Yes, it can, but surgery is always associated with risks, including anesthesia, wound healing deficits, pain from scars, worst case even a deformed penis or permanent erectile problems. It’s effective without a doubt, but the last resort in our opinion. For men with a real micropenis (smaller than 2.75 inch) it’s often the only solution and covered by health insurance, but only about 0.5% of all men worldwide suffer from this condition. If you are just a bit below average, the risk versus reward calculation is negative for surgical penis enlargement. Especially one problem that arises from cutting the ligaments, the erection pointing slightly downwards instead of straight forward, can become a real problem according to professor Kevan Wylie from the NHS, he said “It can make sex quite uncomfortable. You’ve got to do a lot more manoeuvring with your partner. The advantage of a 2cm (0,8 inch) gain in flaccid length is far outweighed by the loss of angle of erection.”
The challenge was how to properly extract the tissue and also how to resolve three related problems. For a number of years some plastic surgeons performed “fat grafts” as a technique for penile enhancement. However, such approaches were known to eventually deteriorate into a clumpy, unhealthy form. Additionally, the body tended to reabsorb the bulk of that implanted tissue causing a loss of increased size. Finally, the technique offered no opportunity to increase penile length – a common patient request with augmentation.
Yes, it can, but surgery is always associated with risks, including anesthesia, wound healing deficits, pain from scars, worst case even a deformed penis or permanent erectile problems. It’s effective without a doubt, but the last resort in our opinion. For men with a real micropenis (smaller than 2.75 inch) it’s often the only solution and covered by health insurance, but only about 0.5% of all men worldwide suffer from this condition. If you are just a bit below average, the risk versus reward calculation is negative for surgical penis enlargement. Especially one problem that arises from cutting the ligaments, the erection pointing slightly downwards instead of straight forward, can become a real problem according to professor Kevan Wylie from the NHS, he said “It can make sex quite uncomfortable. You’ve got to do a lot more manoeuvring with your partner. The advantage of a 2cm (0,8 inch) gain in flaccid length is far outweighed by the loss of angle of erection.”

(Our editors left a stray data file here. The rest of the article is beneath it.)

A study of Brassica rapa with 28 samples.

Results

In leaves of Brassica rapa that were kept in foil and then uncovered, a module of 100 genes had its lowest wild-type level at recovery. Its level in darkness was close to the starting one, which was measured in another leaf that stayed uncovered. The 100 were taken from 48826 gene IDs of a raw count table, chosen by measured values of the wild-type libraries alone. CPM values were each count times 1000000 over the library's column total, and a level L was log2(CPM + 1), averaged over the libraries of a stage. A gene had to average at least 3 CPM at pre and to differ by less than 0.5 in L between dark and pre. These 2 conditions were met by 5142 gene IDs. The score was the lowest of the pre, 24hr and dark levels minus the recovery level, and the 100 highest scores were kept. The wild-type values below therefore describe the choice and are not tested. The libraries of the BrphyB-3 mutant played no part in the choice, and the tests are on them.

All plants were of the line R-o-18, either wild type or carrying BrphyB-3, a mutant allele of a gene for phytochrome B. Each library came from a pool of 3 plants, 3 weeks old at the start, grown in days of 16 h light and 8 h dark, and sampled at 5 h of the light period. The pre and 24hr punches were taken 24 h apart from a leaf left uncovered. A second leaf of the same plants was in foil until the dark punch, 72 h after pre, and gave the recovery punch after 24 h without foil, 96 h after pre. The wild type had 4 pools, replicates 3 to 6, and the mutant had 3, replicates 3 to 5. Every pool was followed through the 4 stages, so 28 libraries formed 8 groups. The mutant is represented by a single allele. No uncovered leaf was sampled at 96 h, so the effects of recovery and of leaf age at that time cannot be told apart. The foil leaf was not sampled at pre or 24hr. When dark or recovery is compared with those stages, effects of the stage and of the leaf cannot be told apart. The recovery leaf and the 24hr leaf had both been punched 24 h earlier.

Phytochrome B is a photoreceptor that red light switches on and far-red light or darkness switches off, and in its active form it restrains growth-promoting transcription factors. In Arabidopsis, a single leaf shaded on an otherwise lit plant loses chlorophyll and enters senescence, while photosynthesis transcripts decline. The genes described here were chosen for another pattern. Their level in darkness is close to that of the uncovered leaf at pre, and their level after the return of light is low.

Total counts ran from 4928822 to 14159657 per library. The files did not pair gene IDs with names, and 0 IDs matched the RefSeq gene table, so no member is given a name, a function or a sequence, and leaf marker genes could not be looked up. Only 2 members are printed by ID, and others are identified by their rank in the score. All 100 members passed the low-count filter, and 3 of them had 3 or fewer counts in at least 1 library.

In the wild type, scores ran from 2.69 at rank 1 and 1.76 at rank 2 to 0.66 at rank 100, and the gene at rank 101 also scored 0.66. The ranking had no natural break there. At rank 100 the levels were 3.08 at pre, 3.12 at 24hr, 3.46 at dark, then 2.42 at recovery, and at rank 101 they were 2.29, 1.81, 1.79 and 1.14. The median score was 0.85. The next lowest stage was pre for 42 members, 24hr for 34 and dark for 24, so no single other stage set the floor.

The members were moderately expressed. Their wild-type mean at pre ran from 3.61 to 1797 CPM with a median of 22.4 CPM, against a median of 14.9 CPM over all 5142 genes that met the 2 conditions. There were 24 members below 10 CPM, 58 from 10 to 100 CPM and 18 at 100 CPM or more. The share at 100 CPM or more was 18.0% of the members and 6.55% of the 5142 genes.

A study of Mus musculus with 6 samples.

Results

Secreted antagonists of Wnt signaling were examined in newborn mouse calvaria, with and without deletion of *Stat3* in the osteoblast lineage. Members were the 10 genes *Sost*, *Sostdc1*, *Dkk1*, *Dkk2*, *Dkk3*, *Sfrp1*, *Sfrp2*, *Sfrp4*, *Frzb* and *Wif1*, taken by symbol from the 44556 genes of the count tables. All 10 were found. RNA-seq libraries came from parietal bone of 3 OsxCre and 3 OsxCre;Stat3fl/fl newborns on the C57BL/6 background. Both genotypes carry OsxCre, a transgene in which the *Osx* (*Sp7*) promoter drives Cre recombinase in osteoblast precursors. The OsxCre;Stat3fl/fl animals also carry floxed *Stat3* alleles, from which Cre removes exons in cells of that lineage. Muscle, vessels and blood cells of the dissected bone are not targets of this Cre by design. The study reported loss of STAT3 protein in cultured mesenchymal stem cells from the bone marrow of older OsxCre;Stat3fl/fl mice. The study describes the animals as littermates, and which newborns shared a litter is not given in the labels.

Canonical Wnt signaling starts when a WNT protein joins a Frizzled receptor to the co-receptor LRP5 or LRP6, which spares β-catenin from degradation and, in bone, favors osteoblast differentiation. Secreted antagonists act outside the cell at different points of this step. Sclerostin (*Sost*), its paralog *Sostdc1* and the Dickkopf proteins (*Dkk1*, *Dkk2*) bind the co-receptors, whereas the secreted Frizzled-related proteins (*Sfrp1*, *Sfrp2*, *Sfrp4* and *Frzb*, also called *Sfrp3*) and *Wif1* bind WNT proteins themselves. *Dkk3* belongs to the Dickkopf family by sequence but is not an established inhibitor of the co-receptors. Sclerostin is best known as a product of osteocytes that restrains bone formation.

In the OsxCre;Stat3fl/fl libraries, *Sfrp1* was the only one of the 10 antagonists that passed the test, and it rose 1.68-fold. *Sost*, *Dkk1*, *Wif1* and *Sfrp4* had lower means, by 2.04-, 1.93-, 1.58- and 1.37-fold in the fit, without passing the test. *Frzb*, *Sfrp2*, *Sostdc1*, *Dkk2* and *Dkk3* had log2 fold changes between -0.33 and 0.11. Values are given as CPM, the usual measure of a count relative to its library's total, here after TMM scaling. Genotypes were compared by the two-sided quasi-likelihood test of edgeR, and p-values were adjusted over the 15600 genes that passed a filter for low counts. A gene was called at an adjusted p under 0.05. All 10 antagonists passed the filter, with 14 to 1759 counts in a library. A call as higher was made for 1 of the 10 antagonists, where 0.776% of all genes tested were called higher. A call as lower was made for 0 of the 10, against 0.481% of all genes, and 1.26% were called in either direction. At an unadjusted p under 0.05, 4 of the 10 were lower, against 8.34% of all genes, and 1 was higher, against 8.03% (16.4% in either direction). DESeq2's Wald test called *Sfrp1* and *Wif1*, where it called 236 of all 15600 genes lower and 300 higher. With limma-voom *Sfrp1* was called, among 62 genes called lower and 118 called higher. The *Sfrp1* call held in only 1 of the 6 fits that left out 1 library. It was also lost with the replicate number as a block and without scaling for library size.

All this might be leading to more than simple image anxiety; some have pointed to a new mental-health issue they term penile dysmorphic disorder. “It is a minority of men – and we don’t know how many – but it certainly exists and it’s as damaging as any other body dysmorphia,” says Professor David Veale, of King’s College London, an authority on health anxieties. “These men might seek out surgery, and for a few months they will be happy with the results. But then the same anxieties reappear. So, they seek out further surgery. It becomes a circle. But you cannot keep making your penis bigger. This requires therapy.”
According to the website of one such product, the safe application of traction encourages tissue cells to divide and multiply, a process called cytokinesis. Over time and with great effort this will lead to tissue growth. The FDA considers these low-risk devices (Class 1) and so provides only general controls intended to be followed by manufacturers.
Then, in the back of a weightlifting magazine, he saw an ad for the FastSize Extender, a device that claims to make the penis longer and fatter through traction. Richard began wearing the device almost eight hours a day, every day. He was shocked to notice a difference within a few days. After four months of wearing the device, he says his flaccid penis has stretched from 3 inches to over 5 inches; erect, he has gone from less than 6 inches to over 7 inches. The device cost $298, but Richard says the effect on his self-confidence has been priceless: "It made a world of difference to me."